With no HIV cure in sight, Biotron focuses on China Hep C patients
Health & Biotech
You could be forgiven for thinking that a cure for HIV had been found when, on World AIDS Day, scientists reported a French drug-repurposing trial showed a ‘drastic and persistent decrease’ in the cell reservoirs of an HIV-infected patient.
HIV (Human Immunodeficiency Virus) is a virus that attacks the body, weakening it until it reaches a compromised state where it is threatened by infections as varied as respiratory illness and hepatitis C.
Globally, 70 million people live with HIV and another 71 million with Hepatitis C, the United Nations estimates.
The report spawned headlines such as ‘HIV CURE!’ and ‘Evidence that a cancer drug may be able to eradicate HIV-infected cells in humans’.
However, there was more than a little hyperbole in the headlines.
“This is the first case of such a drastic decrease of the HIV reservoir, and we must remain careful, especially because this is only one case,” said Professor Jean-Philippe Spano, head of the medical oncology department at Pitie-Salpetriere Hospital AP-HP in Paris.
“We have published details of another case where there was no decrease of the HIV reservoir.”
Potential toxicities of the treatment were unknown and there was much more work to be done, the professor said.
As exaggerated as they were, the headlines may have given hope to ASX-listed biotech Biotron, which has for many years been developing a small-molecule therapy, BIT225, to treat viral infections including HIV-1 and hepatitis C.
Now in phase 2 of clinical trials, Biotron has been using a “similar but slightly different” approach to the French trial by targeting the long-lived macrophages (or reservoirs) in the body to rid the body’s of the HIV-1 cells.
The trial has shown positive results in treating hepatitis C when used in conjunction with existing low-cost hepatitis C drugs interferon and ribavirin.
“We were able to mimic this earlier in the year in mice with a humanised immune system, said Biotron chief Dr Michelle Miller.
“These mice can be infected with HIV, treated with drugs to reduce HIV levels, and then we took away all drugs.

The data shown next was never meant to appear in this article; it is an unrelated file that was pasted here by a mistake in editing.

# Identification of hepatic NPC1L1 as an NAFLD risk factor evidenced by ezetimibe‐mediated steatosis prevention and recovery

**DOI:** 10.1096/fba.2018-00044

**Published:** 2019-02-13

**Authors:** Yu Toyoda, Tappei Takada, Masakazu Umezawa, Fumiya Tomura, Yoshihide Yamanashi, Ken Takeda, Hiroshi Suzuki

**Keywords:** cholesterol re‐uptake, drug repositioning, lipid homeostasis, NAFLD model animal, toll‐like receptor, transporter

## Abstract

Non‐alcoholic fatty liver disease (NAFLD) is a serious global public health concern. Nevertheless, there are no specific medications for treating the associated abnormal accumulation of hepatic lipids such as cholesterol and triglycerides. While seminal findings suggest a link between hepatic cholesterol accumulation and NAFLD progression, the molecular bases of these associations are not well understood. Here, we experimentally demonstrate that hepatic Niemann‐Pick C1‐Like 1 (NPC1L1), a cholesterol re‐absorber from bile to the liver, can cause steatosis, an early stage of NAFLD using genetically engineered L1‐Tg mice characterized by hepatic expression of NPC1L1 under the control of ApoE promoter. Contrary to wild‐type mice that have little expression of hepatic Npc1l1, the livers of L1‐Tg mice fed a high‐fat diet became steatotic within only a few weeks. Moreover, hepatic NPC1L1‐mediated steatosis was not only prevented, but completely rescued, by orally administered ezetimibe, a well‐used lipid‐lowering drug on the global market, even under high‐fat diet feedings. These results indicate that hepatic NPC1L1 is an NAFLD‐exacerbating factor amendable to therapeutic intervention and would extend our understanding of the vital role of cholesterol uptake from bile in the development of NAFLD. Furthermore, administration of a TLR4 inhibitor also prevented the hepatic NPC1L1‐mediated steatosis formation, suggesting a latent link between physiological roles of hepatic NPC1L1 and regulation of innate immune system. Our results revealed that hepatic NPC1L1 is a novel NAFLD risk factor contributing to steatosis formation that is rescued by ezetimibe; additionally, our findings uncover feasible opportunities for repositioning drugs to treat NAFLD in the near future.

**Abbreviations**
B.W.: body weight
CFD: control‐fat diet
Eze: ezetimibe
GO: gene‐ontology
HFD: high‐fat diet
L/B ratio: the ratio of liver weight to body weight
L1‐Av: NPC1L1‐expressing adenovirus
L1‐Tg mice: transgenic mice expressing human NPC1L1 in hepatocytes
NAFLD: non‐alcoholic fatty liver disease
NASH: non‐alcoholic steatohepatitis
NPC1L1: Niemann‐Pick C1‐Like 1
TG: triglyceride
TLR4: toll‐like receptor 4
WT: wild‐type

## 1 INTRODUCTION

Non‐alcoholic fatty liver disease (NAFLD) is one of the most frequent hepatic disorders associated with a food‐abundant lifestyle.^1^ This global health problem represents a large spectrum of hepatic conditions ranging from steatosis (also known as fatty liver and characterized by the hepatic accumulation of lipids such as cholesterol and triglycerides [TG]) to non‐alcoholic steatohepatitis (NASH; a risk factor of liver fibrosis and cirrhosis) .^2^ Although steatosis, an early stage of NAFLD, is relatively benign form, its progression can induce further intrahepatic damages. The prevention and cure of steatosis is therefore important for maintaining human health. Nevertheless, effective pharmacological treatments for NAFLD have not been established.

“The addition of BIT225 to ART [anti-retrovital treatment] in these mice resulted in a faster decrease of virus levels to undetectable, and there was a delay in rebound of virus once all drugs were stopped.
“This is a very encouraging indication that our drug is targeting this key reservoir.”
There is still lot of research to be done in the HIV reservoir in other sanctuary organs such as the gut and brain, where most of the HIV cells are said to reside. That’s the reason HIV can keep re-emerging after repeated treatment.
Focus on Hepatitis C
Biotron is continuing to work on the HIV problem, but focusing commercial efforts now on hepatitis C.
Biotron is seeking partnerships in Shanghai, China, starting with its hepatitis C product — a move targeted at the high co-infection rate of hepatitis C and its related immunoviruses, in a market with ten times more patients than the United States.
In China, the current treatment for hepatitis C using the combination of interferon and ribavirin costs 46,000 RMB ($9,200) and requires a treatment cycle of 48 weeks.
Biotron’s main competitor is the direct-acting antiviral drug Harvoni, which only takes eight weeks of treatment — but costs 600,000 RMB ($120,000).
Harvoni also requires diagnostic treatment to monitor for prior co-infection and ongoing re-activation of Hepatitis B and other immunosuppressive conditions.
Biotron’s BIT225 however has shown that by combining the standard low-cost interferon/ribavirin treatment cycle — starting with an additional four to 12 weeks treatment of BIT225 — can improve the clearance rate of the most common type of Hepatitis C genotype in Chinese patients.
Using the lower cost advantage and the benefit of BIT225’s minimal reactivation in co-infected patients compared to its other direct-acting antiviral treatment competitors, Biotron is seeking development partners in China where there are some 10 million co-infected patients.
Biotron’s share price is at historic lows of about 2.7c — a long way from the heights of 28c they fetched in 2006 and 2007.
The company burned about $1.2 million last quarter, leaving $830,000 in the kitty. — although a $1.6 million R&D rebate was welcomed in November.
Estimated spending this quarter was due to clock in at $689,000 — though Dr Miller has assured investors that “Biotron is fully funded for its current activities, which include the current Phase 2 HIV-1 trial”.